Hodmedod left Joshua and the dead man at the coal docks and made his way by secret, unseen routes to Hightown Street and his employer.

Hightown Street and Dreamer’s Garden were close to each other on the map but leagues apart in every other respect. The stories they told in Rustington and Dreamer’s Garden about the wealth and luxury that lay across the river weren’t far from the truth.

Hightown Street sparkled in the sunlight with its white marble, colored glass, polished bronze and blue water fountains. It smelled of the hundred flower gardens that dotted the parks and homes. No one who walked among its shops and salons had a trace of dirt on them. It was a place where a prince could be made to feel shabby. And after he got over feeling shabby, that prince would take his wounded ego and healthy appetite to The Imperial.

To call the Imperial a “restaurant” was an injustice. It was a gallery of edible masterpieces. Kings, potentates, emperors, and the just plain wealthy filled the Imperial’s massive dining room every night to sample the work of its chef and owner Augustus Gorgette. They said Chef Gorgette didn’t so much cook food as perform magic with meats, vegetables, and sweets. The gossipers had no idea how right they were.

That day the dining room was packed as usual. The cavernous hall echoed with the sounds. A hundred guests shared the latest rumors. A hundred wine glasses clinked. Waiters and waitresses streamed out of the kitchen doors as they carried course after course to the patrons; rich brown consommé with tiny slivers of carrot and leek, sea sweet crab served in a crystal glass with crisp apple and lettuce, lobster poached in butter, roasted goose with cranberries, steaks with rich wine sauce, cakes as light as air, and chocolates as dark as night. Guests gobbled up their meals, forgetting all decorum as they surrendered to the pleasures of the taste buds and the nose.

The root of this euphoric state lay just beyond the swinging wood doors through which the wait staff passed. The kitchen was a hot, sweltering white tiled room thick with the smell of sweat and herbs. Great copper pots of soup, stock and water boiled continuously. Stovetops belched fire. Knives and cleavers came down with lightning speed on chopping boards. Dozens of white-suited cooks toiled at every station. From one end of the kitchen came the raw ingredients, vegetables just out of the ground, fish fresh from the waters, whole sides of beef, lamb and pork. They moved from station to station where they were cleaned, peeled, chopped, cooked and served on fine porcelain and finally given to the never ending train of waiters.

A man stood in the middle of the clatter, the heat, and the smell. He was Chef Augustus Gorgette, greatest chef in the city. And if that title had been in dispute before, it was firmly settled now.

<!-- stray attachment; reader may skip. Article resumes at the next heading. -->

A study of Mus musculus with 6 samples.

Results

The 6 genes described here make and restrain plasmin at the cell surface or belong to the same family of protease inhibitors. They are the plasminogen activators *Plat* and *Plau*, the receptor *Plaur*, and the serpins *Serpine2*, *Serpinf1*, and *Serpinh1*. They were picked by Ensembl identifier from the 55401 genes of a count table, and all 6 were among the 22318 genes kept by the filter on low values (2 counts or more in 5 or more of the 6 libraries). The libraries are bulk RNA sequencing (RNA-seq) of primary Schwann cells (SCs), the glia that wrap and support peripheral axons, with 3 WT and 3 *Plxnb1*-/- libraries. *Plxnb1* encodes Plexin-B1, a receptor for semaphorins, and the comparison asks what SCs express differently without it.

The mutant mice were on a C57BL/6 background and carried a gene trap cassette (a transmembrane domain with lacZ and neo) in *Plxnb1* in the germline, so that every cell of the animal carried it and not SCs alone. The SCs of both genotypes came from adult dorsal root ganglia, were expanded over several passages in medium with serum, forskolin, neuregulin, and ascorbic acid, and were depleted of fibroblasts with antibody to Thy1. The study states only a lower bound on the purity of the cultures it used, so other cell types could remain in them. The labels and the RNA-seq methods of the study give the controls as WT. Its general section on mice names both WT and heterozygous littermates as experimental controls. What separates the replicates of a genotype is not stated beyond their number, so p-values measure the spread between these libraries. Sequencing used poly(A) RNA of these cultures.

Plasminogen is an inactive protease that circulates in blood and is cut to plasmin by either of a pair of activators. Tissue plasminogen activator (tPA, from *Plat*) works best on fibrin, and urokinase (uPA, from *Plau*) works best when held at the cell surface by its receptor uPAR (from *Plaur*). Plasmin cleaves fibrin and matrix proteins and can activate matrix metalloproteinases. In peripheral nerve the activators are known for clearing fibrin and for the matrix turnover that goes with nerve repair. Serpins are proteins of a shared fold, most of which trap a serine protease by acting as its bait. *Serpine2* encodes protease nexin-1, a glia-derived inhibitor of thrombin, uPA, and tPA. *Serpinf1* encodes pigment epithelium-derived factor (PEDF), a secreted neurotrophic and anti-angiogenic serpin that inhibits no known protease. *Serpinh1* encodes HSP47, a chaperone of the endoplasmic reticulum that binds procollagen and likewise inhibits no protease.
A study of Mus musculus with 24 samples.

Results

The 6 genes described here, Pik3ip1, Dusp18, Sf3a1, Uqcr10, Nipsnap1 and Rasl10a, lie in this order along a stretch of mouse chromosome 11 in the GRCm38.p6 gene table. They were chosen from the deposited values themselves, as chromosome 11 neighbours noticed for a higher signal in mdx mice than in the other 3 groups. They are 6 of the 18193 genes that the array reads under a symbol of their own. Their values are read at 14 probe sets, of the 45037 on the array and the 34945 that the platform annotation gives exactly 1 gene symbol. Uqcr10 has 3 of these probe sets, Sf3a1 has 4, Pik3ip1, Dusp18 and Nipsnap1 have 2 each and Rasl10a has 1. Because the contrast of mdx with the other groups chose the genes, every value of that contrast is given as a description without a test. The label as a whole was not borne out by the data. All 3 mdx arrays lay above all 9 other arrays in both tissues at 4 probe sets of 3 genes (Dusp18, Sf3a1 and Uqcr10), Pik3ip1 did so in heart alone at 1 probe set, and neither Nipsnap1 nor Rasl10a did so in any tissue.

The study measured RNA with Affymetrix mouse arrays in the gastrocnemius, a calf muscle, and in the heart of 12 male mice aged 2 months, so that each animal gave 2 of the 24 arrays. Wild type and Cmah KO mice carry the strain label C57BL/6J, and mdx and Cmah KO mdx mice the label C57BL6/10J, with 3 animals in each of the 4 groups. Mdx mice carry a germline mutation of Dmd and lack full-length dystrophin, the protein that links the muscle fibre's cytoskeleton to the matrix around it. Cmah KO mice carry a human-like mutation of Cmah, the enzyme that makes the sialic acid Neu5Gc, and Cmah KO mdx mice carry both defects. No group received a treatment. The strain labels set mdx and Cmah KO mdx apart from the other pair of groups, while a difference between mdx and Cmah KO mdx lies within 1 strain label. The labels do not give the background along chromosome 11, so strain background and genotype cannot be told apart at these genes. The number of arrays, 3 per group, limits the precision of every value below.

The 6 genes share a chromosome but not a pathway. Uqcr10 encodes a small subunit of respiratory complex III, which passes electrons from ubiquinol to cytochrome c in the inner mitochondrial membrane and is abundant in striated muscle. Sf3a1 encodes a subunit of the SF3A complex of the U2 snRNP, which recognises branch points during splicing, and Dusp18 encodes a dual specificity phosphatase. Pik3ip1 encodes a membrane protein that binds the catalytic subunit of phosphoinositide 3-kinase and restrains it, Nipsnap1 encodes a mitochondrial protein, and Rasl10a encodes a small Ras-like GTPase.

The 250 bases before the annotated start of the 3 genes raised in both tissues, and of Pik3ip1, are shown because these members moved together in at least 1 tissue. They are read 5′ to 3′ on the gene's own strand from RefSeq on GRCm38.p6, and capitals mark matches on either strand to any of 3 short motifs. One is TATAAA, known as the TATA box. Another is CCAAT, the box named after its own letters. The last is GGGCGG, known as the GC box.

Gorgette was of medium height but broad and thick. His girth was solid muscle without a trace of fat. He had a great bald head that sat on his wide shoulders. In his chef whites he looked like a majestic iceberg in the middle of a stormy ocean.

Gorgette stood planted at the pass, the table where the wait staff would grab the serving dishes for the customers. From there he barely moved a muscle or said a word.

He didn’t need to.

Gorgette had only to clear his throat should a dish fall short of his standards. The waiter’s hand would freeze and Angus, his small, ferret faced Sous Chef, would swipe away the offending plate. Then the flow of porcelain and food would continue.

Gorgette’s eyes went from the food to the whirling clock sitting high on the top shelf.

“Angus,” Gorgette bellowed. The great chef withdrew himself from the pass and his Sous slid into his place. Almost immediately, the shouting in the kitchen increased and the first of many plates shattered on the floor.

Gorgette did not turn to look back at the chaos. He let the door close behind him. Down the corridor from the kitchen was a gilded elevator. The chef got in and pressed the top floor button. The metal cage rose up. The next few floors held the private rooms, where the privileged among the privileged could dine on meals personally prepared by Gorgette himself.

The elevator reached the very top floor reserved for the most privileged guest of all. So privileged in fact that this, the top floor of Gorgette’s restaurant didn’t actually belong to Gorgette. Here he was the guest.

The elevator opened onto a solid black door. Gorgette got out of the elevator and opened the door with a jewel encrusted key. In the room beyond sat four black uniformed soldiers who nodded to the chef as he passed.

A stairway led to the roof of the building. On the roof was a rail station, the tracks led off the roof and onto a network of high stone bridges. These tracks and bridges crisscrossed the most fashionable districts of the Old City and ended in Royal Square. It was the private railway of Elias Bartholomew Fortunato, the 48th Prince of the city. Its terminals were the fanciest, most expensive, most exclusive establishments of the city. This way the Prince could forgo the chore of traveling along the same streets as everyone else.

Gorgette stood under the metal canopy and awaited the Prince’s locomotive. Soon he saw the plume of white smoke in the distance. A short time later the bright yellow and green engine pulled into the station.